The National Trust (5)

I have now had a chance of reading the National Trust’s document Towards a 10-Year Vision for Places & Experiences. Since there has been much criticism online of people – I include myself – for being critical of what has been proposed without adequate background information, I would like to make the following suggestions, which are intended to be helpful, not just destructive, since lives and jobs, particularly of junior staff, are at stake:-

  1. I see absolutely no reason whatsoever why the National Trust cannot make the document available to its membership instead of suffering it being discussed in newspapers and online without its members being able to read it and judge it for themselves. It is a perfectly serious document which has clearly been the result of considerable thought. Since it is the basis for radical proposed changes in the way the Trust operates, it would surely benefit from being discussed from the original rather than secondhand and its assumptions canvassed and tested more widely.
  2. The document refers to input from Insight and external sources for its projection of future trends in the way people visit and consume culture, without giving an indication as to exactly what these sources are. It would be useful to know.
  3. The reference to what is described as ‘an outdated mansion experience’ states that ‘our reliance on outdoors for growth has left us with a mansion offer that is still (despite cosmetic improvements) fundamentally unchanged since the 1980s, serving a loyal but (by 2030) dwindling audience’. But no statistics are given, nor is there any indication of changing patterns of visits which might justify a view that the public is no longer interested in such houses as Petworth and Uppark, Ham House and Shugborough, not to mention Plas Newydd which has always been packed with visitors when we have been, suggesting a growth in public interest in recent decades, not a reduction. One wants statistics in order to be able to understand the reality of current trends.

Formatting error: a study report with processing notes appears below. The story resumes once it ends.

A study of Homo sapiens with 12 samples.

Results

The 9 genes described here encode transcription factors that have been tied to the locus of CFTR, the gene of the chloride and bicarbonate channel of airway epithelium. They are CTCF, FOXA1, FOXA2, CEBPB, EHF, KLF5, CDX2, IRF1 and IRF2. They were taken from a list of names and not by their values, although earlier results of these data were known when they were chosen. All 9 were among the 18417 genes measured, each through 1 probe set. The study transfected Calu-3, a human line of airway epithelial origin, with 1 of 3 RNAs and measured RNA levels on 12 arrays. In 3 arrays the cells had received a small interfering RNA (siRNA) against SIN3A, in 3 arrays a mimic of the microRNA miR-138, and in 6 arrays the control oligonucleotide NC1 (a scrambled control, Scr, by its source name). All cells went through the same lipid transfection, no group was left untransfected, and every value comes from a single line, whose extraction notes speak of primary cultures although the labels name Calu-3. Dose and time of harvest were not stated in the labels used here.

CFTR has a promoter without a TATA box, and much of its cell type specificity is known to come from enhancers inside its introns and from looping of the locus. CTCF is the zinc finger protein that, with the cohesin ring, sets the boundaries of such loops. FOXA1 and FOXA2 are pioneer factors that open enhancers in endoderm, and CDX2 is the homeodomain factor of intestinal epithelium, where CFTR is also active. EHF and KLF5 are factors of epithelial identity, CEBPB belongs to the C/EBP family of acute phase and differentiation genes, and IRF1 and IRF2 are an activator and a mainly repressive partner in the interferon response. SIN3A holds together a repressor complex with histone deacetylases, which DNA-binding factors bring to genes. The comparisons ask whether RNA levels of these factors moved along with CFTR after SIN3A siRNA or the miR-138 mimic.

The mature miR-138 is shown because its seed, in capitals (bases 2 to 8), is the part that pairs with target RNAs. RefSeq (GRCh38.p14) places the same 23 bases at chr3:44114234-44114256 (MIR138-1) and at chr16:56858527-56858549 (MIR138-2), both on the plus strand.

4. The document suggests, as has been much quoted, that the National Trust should ‘dial down’ its role as a national cultural institution, equivalent in value to the British Museum and the V&A. But isn’t this just what its members and its donors want it to be, an institution that looks after the past with care and intelligence, encouraging as many people as possible to enjoy it, rather than locking up the houses and putting the collections into storage ? I find this aspect of the document counter-intuitive.
  5. There is a suggestion that the Trust should devote its resources away from ‘the enthusiasts, the specialists, the experienced and the cognoscenti’ towards ‘the people’. But surely the whole point of differentiation in the way houses are presented, which is what the document sensibly advocates, is not to treat everyone as if they are the same – a homogeneous, undifferentiated lump – but precisely that everyone has the capability of enjoying houses as enthusiasts and cognoscenti. This is certainly the way that museums have changed.
  6. The document states that National Trust houses should ‘move away from our narrow focus on family and art history, and explore the wider stories and connections that these places open up – from archaeology and local communities to colonial links and social history’. But isn’t this exactly what the Trust has been doing for the last fifty years ? The whole point of what it did at Erddig in the 1970s was to move away from a narrow art historical interpretation towards thinking about the house as a document of social history.

These are my thoughts. But I would be interested in what the staff think and whether they share and are inspired by one member of staff’s opinions. Do they share the views expressed in the document, particularly the younger staff whose views should surely be canvassed since they are going to be tasked with putting the collections away in store ‘to create the more active, fun and useful experiences that our audiences will be looking for in future’? We deserve to know, surely, what these ‘active, fun and useful experiences’ are going to be which are going to replace the experience of learning about furniture and looking at art.


  1. Jean Walker says:

    For “active, fun and useful” read dumbing down. It’s already happened in education which was my field so I guess the dumbed down have to be catered for.